Friday, July 4, 2014

Batman and Ra's Al Ghul by Peter J. Tomasi issue #32 [The Hunt for Robin]

It has been both a thrilling and frustrating ride for Peter J. Tomasi's Batman and Robin run. We had thirty-two issues so far which were then composed of seven story arcs (Born to Kill, Terminus, zombies, Death of the Family, Stages of Grief, Two-Face and McKinell, The Hunt for Robin). 

Some have lived up to expectations and even became so much more while others were forgettable pieces that were better left not mentioning at all. Still, Tomasi has impressed us with his sheer insight on characterization and character interplay and his strongest stories to date are often those that I call 'emotionally resonant'. He was also responsible for the creation of the villains NoBody and Erin McKinell who truly come to their own; and, of course, the re-imagining of Harvey Dent's origin story as Two-Face which had more to offer than what was presented, and whose incomplete tale will probably be picked up soon enough.

In this final issue for The Hunt for Robin, we get the last confrontation between Batman and Ra's as they fight over Damian's corpse. Batman just wants to bury his son in peace but Ra's still has his eyes set on world domination and he needs Damian and his daughter Talia by his side to accomplish that goal. Frankenstein had accompanied Batman in the last issue and here we saw him being a very efficient and supportive partner (which actually makes me hope that he can appear in other stories after this because I really enjoy the compassion and understanding that he and Batman share in just a short span of pages last time). This was a great issue thought not something I would consider Tomasi's finest. The illustrations were beguiling, showcasing one of the most exciting fight sequence between Batman and Ra's, in my opinion, as they take turns brutally smashing each other on ice while Frankie and the league of assassins (and man-bats) look on, not daring to interrupt this epic battle.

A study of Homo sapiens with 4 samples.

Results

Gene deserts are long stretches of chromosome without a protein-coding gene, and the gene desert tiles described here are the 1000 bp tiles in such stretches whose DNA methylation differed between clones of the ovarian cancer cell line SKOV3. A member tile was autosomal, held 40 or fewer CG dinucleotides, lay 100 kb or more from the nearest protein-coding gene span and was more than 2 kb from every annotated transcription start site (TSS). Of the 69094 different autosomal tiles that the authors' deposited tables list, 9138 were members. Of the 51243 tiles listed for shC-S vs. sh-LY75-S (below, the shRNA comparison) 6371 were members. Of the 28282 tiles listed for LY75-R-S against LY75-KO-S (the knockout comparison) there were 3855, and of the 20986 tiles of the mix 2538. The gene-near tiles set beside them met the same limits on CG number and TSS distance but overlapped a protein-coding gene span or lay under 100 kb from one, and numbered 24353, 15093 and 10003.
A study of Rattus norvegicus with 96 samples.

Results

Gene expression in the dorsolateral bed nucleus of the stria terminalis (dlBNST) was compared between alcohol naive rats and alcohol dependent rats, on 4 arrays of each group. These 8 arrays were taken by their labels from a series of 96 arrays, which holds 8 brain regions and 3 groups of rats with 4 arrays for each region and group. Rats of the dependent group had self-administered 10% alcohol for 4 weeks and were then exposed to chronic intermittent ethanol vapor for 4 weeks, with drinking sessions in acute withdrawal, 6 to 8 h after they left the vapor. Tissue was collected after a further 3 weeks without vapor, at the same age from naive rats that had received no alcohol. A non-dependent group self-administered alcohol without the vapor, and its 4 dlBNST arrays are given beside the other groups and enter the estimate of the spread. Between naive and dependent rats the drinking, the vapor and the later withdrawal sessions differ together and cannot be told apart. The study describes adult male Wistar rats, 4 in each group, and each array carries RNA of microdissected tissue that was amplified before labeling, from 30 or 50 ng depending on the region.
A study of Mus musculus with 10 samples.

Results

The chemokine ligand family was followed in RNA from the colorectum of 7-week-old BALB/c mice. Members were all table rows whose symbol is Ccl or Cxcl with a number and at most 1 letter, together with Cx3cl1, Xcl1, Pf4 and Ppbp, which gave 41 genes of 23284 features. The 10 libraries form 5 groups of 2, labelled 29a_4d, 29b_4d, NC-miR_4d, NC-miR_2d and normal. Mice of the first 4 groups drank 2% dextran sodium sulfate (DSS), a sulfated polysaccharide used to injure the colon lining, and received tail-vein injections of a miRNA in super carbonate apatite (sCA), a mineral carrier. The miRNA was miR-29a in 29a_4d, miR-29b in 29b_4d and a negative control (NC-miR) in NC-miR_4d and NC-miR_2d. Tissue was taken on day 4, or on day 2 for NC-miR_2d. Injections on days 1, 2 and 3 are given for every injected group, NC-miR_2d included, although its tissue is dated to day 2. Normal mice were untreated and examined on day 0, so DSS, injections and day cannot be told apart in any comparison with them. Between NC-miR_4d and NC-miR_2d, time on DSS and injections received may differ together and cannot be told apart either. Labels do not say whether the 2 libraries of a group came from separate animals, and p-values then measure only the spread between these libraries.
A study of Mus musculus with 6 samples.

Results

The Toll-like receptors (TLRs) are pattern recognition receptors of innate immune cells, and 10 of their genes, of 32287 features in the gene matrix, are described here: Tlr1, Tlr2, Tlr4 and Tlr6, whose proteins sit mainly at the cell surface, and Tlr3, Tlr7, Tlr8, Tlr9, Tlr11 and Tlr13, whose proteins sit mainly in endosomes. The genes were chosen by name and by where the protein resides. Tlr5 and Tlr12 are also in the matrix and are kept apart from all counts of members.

While I was reading this, I wondered if Ra's is as selfish and calculating as he claims to be. For some reason, I feel like he is grieving in his own twisted way and that there is still that human part of him that misses his daughter and grandson and so reviving them is also his way of perhaps making up for the times he was less than admirable as a father and grandfather. But I could probably be just reading into it; but it would be great if there's that sympathetic aspect to Ra's, not that I mind him simply being just a relentless immortal with a one-track mind for world conquest. Unfortunately enough, the combat gets interrupted in the most timely fashion. Some jackass villain Apokolips (from the Supervillains storyline following the events of Forever Evil, I believe) appeared and it was really annoying because the story is said to be continuing on two separate issues: Red Dawn and Robin Rises Omega, the latter whose release on July 16 is something I look forward to.

This issue had great action and a serviceable conclusion (with a surprise cliffhanger).